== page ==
G-7, EU consider using USD 250 billion of frozen Russian assets to rebuild Ukraine – media
The G7 countries and the EU are discussing a plan to use frozen Russian Central Bank assets worth more than USD 250 billion as collateral to finance Ukraine's recovery
Bloomberg reported the information, citing its own sources.
According to the proposal, Russia’s frozen assets could be used as collateral to help rebuild the war-torn country. Ukraine's allies believe that any settlement of the war in accordance with international law will make Russia responsible for the damage caused.
However, according to the sources, if Russia refuses, it will be possible to claim frozen assets.
According to the sources, who spoke on condition of anonymity, the discussion is currently taking place at the technical level, meaning that a political decision has not yet been made.
The outlet noted that the plan may include the creation of a special company that will issue zero-coupon bonds secured by collateral subject to early redemption. A collateral hierarchy would be created, utilizing Euroclear assets as well as those of banks.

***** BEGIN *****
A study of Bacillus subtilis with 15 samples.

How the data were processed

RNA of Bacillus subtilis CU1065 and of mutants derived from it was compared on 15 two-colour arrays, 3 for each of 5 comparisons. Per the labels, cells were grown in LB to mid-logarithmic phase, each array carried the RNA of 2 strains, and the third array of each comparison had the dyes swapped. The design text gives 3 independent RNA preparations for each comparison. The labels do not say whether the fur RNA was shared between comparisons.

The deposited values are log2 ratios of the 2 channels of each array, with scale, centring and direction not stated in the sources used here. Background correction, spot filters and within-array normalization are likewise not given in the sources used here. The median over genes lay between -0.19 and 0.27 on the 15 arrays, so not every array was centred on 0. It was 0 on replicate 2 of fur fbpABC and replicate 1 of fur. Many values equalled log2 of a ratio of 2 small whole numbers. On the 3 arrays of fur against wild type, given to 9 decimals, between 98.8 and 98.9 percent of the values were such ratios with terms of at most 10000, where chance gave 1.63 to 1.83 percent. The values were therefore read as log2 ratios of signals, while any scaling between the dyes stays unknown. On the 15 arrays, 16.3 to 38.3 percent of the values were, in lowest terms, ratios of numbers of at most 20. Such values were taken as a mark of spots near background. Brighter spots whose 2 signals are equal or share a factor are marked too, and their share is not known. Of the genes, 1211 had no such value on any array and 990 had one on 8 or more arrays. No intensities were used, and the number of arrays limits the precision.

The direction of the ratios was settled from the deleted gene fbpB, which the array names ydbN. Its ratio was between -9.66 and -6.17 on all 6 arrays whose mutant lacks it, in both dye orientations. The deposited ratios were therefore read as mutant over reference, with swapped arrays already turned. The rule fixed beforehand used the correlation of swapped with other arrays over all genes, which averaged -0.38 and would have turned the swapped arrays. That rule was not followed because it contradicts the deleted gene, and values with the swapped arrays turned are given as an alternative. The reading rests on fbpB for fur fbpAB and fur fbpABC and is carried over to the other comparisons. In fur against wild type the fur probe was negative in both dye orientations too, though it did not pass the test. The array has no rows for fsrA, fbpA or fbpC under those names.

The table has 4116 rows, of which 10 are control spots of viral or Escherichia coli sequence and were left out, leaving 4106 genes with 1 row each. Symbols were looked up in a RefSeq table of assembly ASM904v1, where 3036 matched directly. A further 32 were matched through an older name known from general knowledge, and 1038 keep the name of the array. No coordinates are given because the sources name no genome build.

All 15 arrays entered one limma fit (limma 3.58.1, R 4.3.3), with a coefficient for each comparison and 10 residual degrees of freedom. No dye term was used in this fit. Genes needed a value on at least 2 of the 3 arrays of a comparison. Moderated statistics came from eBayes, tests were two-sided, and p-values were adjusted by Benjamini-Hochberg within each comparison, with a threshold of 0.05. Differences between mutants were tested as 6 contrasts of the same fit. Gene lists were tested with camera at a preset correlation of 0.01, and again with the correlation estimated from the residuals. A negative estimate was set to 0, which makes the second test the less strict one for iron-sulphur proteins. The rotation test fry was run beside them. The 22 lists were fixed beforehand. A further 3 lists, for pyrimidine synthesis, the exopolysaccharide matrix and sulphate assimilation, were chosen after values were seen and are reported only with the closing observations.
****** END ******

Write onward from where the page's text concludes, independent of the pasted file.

The discussions are focused on Kyiv's long-term needs and are separate from the desire to support the Ukrainian economy in the short term.
The latest on the confiscation of Russian assets
On November 30, the US Senate introduced a bill to confiscate Russian assets. On January 11, the Biden administration supported the confiscation of Russian assets for transfer to Ukraine.
Meanwhile, the European Commission has a plan to raise €15 billion from Russia's frozen assets to provide financial assistance to Ukraine.
At the same time, Russia has estimated that the West could lose assets and investments worth at least $288 billion if it confiscates frozen Russian assets to help rebuild Ukraine, and said Moscow would retaliate.
On January 22, reports indicated that the EU foreign ministers were approaching a solution to the issue of how to use the frozen Russian assets.
On January 23, Belgian Ambassador to the United States Jean-Arthur Régibeau said that Western countries should make a collective decision to confiscate frozen Russian assets, most of which are stored in the Brussels-based Euroclear settlement center.
On January 24, a US Senate committee approved a bill to confiscate Russian assets and transfer them to Ukraine.
On January 30, the Political Affairs Committee of the Parliamentary Assembly of the Council of Europe adopted a draft resolution that provides for the confiscation of frozen Russian assets and their transfer to a new fund for Ukraine's recovery.